A private investigator -- whose client has not been identified -- is looking into critics of New York University's Abu Dhabi campus, The New York Times reported. Among the targets: Andrew Ross, an N.Y.U. professor who has been an outspoken critic of the campus, and a New York Times reporter who has written critically of it. A spokesman for the university said that it had no knowledge about the investigator, but that "it’s reprehensible and offensive on its face, and we call on whoever is involved to desist immediately.”
Higher Education Quick Takes
The U.S. Department of Education needs to do a better job of managing the federal grant program for teachers, according to a report by the Government Accountability Office.
The TEACH Grant program provides up to $4,000 a year for students who commit to teaching low-income school districts for at least four out of eight years after graduation.
Recipients who don’t follow through on that commitment have their grants converted into loans. About 36,000 of the TEACH Grant’s more than 112,000 recipients have fallen into that category, the G.A.O. found.
In some cases, though, those conversions were the result of the government's or its contractors’ error.
G.A.O. investigators found that between August 2013 and September 2014, 2,252 TEACH Grant recipients had their grants erroneously converted into loans by the company hired by the Education Department to manage the program.
The department said that it mostly agreed with the G.A.O.’s recommendations, which included establishing performance measures for the program and studying why so many TEACH Grant recipients fail to fulfill their service commitment.
Thousands of University of Wisconsin System advocates put together 12,000 pages of petition signatures and public comments that were submitted to a legislative finance committee considering massive cuts to the system, a group of system supporters said Thursday. The outpouring is just the latest sign of opposition to cuts proposed by Governor Scott Walker, a Republican with presidential ambitions. Walker proposed cutting the system's budget by $300 million over the next two years. The head of the university system, Ray Cross, has said he would resign if he cannot do something to reduce the size of the cuts.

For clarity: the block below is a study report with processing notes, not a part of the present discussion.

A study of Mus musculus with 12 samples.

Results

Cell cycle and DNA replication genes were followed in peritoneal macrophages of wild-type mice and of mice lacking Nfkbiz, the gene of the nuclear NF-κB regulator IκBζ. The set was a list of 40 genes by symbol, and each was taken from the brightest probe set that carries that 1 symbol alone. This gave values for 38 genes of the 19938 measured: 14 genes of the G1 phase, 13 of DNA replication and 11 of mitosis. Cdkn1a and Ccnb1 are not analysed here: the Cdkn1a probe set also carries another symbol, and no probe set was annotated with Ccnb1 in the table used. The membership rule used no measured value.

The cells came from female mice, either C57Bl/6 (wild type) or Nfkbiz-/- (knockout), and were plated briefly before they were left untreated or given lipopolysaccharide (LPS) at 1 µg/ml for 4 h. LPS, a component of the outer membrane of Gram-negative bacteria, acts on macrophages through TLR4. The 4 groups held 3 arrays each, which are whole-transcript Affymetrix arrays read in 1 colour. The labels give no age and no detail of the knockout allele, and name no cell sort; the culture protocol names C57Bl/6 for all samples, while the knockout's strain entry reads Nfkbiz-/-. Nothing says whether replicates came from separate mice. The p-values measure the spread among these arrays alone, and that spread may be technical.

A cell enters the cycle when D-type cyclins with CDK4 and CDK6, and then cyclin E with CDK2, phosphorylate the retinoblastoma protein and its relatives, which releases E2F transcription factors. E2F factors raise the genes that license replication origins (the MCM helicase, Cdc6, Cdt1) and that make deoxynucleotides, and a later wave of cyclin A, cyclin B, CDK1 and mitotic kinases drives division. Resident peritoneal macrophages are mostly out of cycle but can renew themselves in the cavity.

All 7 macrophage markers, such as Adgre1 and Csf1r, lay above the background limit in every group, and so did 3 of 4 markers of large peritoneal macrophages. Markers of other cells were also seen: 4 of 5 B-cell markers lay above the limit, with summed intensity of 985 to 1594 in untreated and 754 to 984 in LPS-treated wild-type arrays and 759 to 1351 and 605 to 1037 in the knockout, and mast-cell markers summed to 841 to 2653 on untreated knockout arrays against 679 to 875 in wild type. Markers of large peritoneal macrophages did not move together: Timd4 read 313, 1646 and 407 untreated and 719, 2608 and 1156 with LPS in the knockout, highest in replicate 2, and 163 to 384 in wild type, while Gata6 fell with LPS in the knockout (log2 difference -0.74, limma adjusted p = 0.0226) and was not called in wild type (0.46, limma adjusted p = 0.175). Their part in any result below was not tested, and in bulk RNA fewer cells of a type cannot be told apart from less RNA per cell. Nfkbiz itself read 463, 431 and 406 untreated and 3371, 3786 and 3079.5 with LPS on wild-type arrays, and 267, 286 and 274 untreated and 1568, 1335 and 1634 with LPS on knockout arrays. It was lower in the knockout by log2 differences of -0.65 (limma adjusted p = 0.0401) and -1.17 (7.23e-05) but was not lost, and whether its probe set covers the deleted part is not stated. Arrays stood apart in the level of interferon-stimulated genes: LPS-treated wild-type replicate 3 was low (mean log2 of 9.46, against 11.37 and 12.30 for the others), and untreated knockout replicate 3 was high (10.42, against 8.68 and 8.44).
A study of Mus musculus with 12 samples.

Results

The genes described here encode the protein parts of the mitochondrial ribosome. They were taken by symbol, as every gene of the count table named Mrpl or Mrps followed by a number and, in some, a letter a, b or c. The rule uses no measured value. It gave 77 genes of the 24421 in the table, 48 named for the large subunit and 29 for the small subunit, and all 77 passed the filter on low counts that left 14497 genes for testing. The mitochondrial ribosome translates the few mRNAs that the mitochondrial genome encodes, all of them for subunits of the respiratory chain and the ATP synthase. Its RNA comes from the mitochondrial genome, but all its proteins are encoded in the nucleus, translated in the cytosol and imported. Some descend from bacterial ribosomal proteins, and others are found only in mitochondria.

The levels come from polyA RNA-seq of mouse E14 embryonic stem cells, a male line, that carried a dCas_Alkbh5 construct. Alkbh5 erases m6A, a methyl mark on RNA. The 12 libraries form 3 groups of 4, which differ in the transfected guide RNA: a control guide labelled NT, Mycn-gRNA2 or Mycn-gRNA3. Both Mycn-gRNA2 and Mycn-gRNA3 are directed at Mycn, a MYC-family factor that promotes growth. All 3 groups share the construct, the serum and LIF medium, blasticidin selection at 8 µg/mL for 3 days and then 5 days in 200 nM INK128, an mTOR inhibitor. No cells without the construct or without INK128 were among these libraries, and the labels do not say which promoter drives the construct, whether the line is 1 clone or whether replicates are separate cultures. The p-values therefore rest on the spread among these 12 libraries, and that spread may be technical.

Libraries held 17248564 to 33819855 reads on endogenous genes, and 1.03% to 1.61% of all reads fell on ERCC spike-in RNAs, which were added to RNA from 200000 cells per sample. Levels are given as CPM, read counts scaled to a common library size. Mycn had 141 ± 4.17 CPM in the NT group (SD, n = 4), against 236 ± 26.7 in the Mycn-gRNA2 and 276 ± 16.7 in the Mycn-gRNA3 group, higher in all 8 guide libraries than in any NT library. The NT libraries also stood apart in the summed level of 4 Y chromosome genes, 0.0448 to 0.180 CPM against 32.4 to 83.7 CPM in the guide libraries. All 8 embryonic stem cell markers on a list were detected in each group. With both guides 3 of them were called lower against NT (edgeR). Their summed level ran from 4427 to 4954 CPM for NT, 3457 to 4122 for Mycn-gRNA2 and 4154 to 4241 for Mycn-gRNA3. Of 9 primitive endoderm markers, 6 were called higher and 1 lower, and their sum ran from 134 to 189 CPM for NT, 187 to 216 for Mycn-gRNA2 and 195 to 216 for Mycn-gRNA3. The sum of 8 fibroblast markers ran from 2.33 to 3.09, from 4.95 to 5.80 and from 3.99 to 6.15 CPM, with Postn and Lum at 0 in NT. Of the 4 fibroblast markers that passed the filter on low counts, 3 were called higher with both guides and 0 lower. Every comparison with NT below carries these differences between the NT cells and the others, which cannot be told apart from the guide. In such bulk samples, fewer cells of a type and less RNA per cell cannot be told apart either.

Many press reports have indicated that the accreditation of Gordon College, a Christian institution, is in danger because of concerns the New England Association of Schools and Colleges has about the college's policies barring sex except between married heterosexual couples. But Barbara Brittingham, president of N.E.A.S.C., told CBN that Gordon's accreditation is not in danger, and that reports currently being prepared are "routine." Brittingham confirmed the statement to Inside Higher Ed.
U.F. Online, the University of Florida's online arm, has after a yearlong search found a new director. Evangeline Cummings, director of the strategic management division of the U.S. Environmental Protection Agency, will replace founding director Elizabeth D. Phillips, who resigned two months after U.F. Online launched in January 2014. W. Andrew McCollough, associate provost for teaching and technology at the university, has served as interim director during the last 12 months. Cummings, who according to a LinkedIn profile received her bachelor's degree from U.F., will assume the position July 1.
The late Dean Smith, the legendary basketball coach who died last month, left $200 to each of the basketball players he coached over 36 years at the University of North Carolina at Chapel Hill, Sports Illustrated reported. The players are receiving the checks with a note encouraging them to "enjoy a dinner out compliments of Coach Dean Smith."
The Andrew W. Mellon Foundation is continuing to fund projects that tackle digital scholarship and publishing in the humanities, and on Friday the foundation announced another round of such grants. Among the recipients are university presses at the University of Michigan, the University of Minnesota, Indiana University, Northwestern University and Pennsylvania State University, which will cooperate on developing a publication and preservation platform for digital scholarship. "The ultimate goal is to create a shareable, open-source solution for born-digital complementary monograph materials as well as a working model that maximizes the publishing strengths of university presses and the preservation expertise of libraries," a Michigan spokeswoman said in a press release.
The University of Toronto and the union that represents its teaching assistants have agreed to binding arbitration on a contract, ending a strike that has been going on for a month.
Apollo Education Group's revenue and enrollment slide has continued, according to a corporate filing released this week. The publicly traded company, which owns the University of Phoenix, had a net-revenue decline of 15 percent, or $223 million, during the six months prior to March. Phoenix's revenue was down 19 percent in this period. The university's degree-seeking student enrollment dipped by roughly 15 percent, to 213,800. The high-water mark for enrollment at Phoenix was 475,000 in 2010.